January 31, 1994|JIM NUSSLE | Rep. Jim Nussle (R-Iowa) is part of a bipartisan push to require spending cuts to offset federal disaster relief.

Congress should act quickly to provide money to help the Los Angeles earthquake victims, but funding that relief should not burden future generations with red ink.

Nothing better exemplifies how the federal government got itself so deep in debt than the way it pays for disaster relief. When disaster strikes, the red ink flows freely. Congress suspends regular budget rules and unconscionably spends tax money off-budget when paying for disasters via special emergency appropriations.

With the rules suspended, members of Congress often turn emergency supplemental bills into vehicles to pay for favorite projects unrelated to the disaster. Of the last 22 emergency supplemental appropriations bills passed by Congress, 18 ended up using more money than even the President requested.

If paid today, the $4.4-trillion federal debt would cost every American alive $17,000; the Congressional Budget Office says the deficit will be $5 trillion at the end of President Clinton's four-year term. One-fifth of your tax dollars go to deficit spending. More than $200 billion a year, 14% of the federal budget, goes to pay interest on the debt--the third largest expense after Social Security and defense.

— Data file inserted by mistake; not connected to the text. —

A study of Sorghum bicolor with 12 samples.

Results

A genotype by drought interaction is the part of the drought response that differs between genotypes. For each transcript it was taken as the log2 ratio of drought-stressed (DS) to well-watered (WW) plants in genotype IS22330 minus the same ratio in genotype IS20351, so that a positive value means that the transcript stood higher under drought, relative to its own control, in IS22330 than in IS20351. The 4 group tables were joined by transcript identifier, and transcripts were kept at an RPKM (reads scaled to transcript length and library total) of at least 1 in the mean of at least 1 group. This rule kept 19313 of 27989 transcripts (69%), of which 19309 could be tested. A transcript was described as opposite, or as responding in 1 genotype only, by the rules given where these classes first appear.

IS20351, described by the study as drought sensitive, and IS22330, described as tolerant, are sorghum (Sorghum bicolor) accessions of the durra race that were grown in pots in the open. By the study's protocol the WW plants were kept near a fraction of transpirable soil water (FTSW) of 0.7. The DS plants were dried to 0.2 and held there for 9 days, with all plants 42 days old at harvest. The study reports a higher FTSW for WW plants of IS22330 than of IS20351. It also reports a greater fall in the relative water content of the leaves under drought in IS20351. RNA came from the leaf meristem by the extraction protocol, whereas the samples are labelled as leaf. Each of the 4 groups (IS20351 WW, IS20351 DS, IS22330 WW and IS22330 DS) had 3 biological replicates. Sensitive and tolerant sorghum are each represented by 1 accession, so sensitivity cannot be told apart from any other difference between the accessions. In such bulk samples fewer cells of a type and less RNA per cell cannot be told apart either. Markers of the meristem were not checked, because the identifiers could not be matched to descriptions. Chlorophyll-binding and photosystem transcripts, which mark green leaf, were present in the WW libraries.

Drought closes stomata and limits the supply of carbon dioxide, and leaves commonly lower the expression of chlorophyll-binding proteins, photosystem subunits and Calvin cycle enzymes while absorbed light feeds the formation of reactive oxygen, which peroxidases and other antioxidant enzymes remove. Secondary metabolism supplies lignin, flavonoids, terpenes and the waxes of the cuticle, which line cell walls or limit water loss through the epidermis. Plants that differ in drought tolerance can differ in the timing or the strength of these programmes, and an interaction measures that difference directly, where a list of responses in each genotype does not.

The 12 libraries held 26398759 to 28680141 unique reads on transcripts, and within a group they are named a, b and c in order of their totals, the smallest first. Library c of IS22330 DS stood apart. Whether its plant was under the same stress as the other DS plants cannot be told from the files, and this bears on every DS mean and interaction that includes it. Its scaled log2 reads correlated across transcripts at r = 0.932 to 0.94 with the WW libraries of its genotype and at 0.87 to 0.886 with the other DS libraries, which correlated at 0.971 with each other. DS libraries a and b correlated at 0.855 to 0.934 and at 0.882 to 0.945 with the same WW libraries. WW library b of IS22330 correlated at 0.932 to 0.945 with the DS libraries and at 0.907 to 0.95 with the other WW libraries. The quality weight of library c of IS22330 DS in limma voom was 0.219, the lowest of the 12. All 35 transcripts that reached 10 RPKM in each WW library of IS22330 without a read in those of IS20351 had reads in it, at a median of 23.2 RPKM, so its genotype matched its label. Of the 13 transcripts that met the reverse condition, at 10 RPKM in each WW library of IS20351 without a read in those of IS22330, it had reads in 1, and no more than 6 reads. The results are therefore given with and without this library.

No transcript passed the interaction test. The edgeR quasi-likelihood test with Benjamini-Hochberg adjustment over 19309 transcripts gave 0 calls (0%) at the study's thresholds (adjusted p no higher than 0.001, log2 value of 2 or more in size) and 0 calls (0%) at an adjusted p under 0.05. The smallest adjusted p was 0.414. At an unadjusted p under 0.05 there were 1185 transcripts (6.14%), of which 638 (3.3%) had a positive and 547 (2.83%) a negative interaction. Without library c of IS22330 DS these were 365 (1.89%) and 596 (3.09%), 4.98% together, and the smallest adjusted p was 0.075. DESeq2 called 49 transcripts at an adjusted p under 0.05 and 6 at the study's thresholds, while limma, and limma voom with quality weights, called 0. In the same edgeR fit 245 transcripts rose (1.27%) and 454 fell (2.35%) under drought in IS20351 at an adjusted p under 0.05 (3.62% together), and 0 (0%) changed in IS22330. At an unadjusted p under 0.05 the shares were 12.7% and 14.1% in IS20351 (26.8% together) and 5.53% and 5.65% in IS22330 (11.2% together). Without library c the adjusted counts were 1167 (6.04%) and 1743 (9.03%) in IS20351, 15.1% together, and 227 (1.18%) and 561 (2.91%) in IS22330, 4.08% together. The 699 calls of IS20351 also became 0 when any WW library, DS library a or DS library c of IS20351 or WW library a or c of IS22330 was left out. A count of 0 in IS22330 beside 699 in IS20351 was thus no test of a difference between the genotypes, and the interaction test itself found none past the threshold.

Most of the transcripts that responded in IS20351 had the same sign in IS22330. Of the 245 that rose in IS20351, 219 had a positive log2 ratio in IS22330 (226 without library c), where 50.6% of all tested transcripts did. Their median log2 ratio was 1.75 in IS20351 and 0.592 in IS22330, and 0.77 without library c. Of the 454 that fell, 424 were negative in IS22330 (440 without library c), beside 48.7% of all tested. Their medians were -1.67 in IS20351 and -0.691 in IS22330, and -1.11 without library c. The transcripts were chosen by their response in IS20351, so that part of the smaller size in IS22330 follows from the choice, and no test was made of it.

That's why last summer, when Congress was considering $2.5 billion for the flood-damaged Midwest, where my family and I live, I urged my colleagues to behave responsibly. I, along with 23 of the 52 members of the California delegation, suggested that Congress provide disaster assistance to flood victims by using corresponding spending cuts. We lost on a procedural maneuver. But my message still is, let's help everyone who's been hurt by the flood and earthquake, but let's not assume we don't have to pay the bill.

Congress, like every family affected by the earthquake or flood, should be expected to reorder its priorities. For me, two of the top priorities for Congress must be helping the earthquake victims and stemming the flow of red ink in Washington. With disaster aid for the earthquake victims near the top of everyone's federal-spending list, we should avoid letting natural disasters compound our growing fiscal disaster. We should cut low-priority and unnecessary spending from the federal budget to pay for earthquake relief.

That's a sensible solution to two serious problems.